Here’s how to protect 1,300 endangered animal species in Texas

American wildlife is in crisis. More than a third of wildlife species in the United States are threatened with extinction. This loss of biodiversity is not only a threat to the species themselves; it is a threat to the communities and economies that depend on them.

Congress may soon pass the Recovering America’s Wildlife Act, a bipartisan bill that will meaningfully address the crisis in our wildlife populations. This bill will provide nearly $1.4 billion to support local efforts to help declining fish, bird and other wildlife populations.

The bill is sponsored by Dallas Congressmen Marc Veasey and Colin Allred. This law would provide more than $50 million to Texas a year that we could use to help conserve the state’s 1,300 endangered species – from Guadalupe bass to horned lizards to northern bobwhite. Funds will come from existing revenue streams, requiring no new taxes, and will be directed by national wildlife agencies to local priorities.


Texas has a variety of landscapes, including forests, grasslands, deserts, rivers, and beaches. Every part of the state has at-risk wildlife species that could benefit from Recovering America’s Wildlife Act. The funds could help protect habitat to grow quail and wild turkey populations, restore native grasslands used by declining songbirds and pollinators, and help programs maintain pronghorn and bighorn sheep populations. ‘America.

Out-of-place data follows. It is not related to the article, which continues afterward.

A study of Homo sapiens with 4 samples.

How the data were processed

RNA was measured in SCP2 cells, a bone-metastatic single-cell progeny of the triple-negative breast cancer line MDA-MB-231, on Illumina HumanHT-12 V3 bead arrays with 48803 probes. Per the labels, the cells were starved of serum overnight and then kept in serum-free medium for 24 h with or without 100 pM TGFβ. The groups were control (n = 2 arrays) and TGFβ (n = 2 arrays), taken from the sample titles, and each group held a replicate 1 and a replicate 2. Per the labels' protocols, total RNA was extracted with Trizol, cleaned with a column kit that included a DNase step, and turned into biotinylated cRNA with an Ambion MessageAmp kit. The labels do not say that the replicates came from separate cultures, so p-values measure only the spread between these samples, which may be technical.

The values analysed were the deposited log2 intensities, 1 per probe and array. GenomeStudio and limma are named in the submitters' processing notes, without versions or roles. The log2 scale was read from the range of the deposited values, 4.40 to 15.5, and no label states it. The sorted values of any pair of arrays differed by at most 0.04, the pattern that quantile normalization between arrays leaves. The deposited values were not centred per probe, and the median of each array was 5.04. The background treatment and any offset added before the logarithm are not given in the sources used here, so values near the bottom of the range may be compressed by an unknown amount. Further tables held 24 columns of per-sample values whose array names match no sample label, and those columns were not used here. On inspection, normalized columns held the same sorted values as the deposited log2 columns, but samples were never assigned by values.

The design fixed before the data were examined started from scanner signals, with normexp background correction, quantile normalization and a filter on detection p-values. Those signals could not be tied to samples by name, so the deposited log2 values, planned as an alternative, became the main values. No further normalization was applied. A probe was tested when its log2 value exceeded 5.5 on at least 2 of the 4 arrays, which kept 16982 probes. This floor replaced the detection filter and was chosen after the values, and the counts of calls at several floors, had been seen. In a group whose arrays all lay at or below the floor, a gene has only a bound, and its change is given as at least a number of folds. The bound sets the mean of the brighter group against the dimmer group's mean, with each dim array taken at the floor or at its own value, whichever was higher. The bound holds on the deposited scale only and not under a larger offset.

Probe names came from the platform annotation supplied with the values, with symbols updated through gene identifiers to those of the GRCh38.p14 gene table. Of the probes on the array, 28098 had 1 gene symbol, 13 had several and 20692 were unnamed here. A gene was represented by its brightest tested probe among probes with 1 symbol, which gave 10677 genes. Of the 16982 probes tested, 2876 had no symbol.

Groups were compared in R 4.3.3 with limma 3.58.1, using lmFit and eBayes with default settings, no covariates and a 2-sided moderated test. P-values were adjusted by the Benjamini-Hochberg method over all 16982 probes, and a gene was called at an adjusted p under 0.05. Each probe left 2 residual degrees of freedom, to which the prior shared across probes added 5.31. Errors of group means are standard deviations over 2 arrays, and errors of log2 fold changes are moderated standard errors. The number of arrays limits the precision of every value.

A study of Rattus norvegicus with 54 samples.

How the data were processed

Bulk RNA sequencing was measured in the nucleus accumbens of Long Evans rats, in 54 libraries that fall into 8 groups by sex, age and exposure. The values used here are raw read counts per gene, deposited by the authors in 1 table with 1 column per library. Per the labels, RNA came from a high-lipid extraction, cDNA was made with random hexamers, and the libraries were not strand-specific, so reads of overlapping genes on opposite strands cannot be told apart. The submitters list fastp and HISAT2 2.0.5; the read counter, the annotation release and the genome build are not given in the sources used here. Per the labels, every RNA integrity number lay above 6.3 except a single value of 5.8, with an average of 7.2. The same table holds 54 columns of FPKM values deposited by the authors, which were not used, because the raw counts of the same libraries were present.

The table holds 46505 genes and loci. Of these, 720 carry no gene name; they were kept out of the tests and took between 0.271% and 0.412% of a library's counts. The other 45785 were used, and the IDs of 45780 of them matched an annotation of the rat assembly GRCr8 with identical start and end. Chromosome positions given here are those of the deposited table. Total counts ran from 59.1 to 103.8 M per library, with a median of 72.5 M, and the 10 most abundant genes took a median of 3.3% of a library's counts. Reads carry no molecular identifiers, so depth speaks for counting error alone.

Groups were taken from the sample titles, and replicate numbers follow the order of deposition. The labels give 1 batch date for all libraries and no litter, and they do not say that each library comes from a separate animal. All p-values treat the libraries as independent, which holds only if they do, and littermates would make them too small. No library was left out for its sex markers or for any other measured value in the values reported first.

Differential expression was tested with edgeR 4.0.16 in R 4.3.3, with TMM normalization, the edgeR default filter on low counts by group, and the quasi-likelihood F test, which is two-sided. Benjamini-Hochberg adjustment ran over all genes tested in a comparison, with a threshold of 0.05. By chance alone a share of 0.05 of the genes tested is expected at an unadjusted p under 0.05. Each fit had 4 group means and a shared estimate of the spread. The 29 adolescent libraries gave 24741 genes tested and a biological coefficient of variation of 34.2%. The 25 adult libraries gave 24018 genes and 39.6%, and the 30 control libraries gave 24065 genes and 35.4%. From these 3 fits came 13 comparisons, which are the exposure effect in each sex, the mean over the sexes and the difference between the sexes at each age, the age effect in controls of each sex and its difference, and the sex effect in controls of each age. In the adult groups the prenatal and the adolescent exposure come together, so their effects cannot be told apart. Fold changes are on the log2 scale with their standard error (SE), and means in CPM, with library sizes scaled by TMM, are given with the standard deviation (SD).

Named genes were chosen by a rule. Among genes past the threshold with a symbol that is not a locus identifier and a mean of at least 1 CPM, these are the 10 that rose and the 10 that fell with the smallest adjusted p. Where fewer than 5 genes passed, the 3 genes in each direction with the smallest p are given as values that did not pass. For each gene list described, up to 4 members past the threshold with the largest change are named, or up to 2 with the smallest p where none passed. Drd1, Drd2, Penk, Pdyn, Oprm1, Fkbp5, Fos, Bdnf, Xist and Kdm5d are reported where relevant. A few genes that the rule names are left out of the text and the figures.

The Recovering America’s Wildlife Act is a bipartisan effort. It passed the committees of both houses of Congress with strong support, but a final effort is needed to schedule floor votes in the House and Senate. Now is the time for Congress to pass this bill, which will allow our children and grandchildren to continue to discover and enjoy our state’s amazing wildlife.

Suzanne Scott is the state director of The Nature Conservancy in Texas. She wrote this for The Dallas Morning News.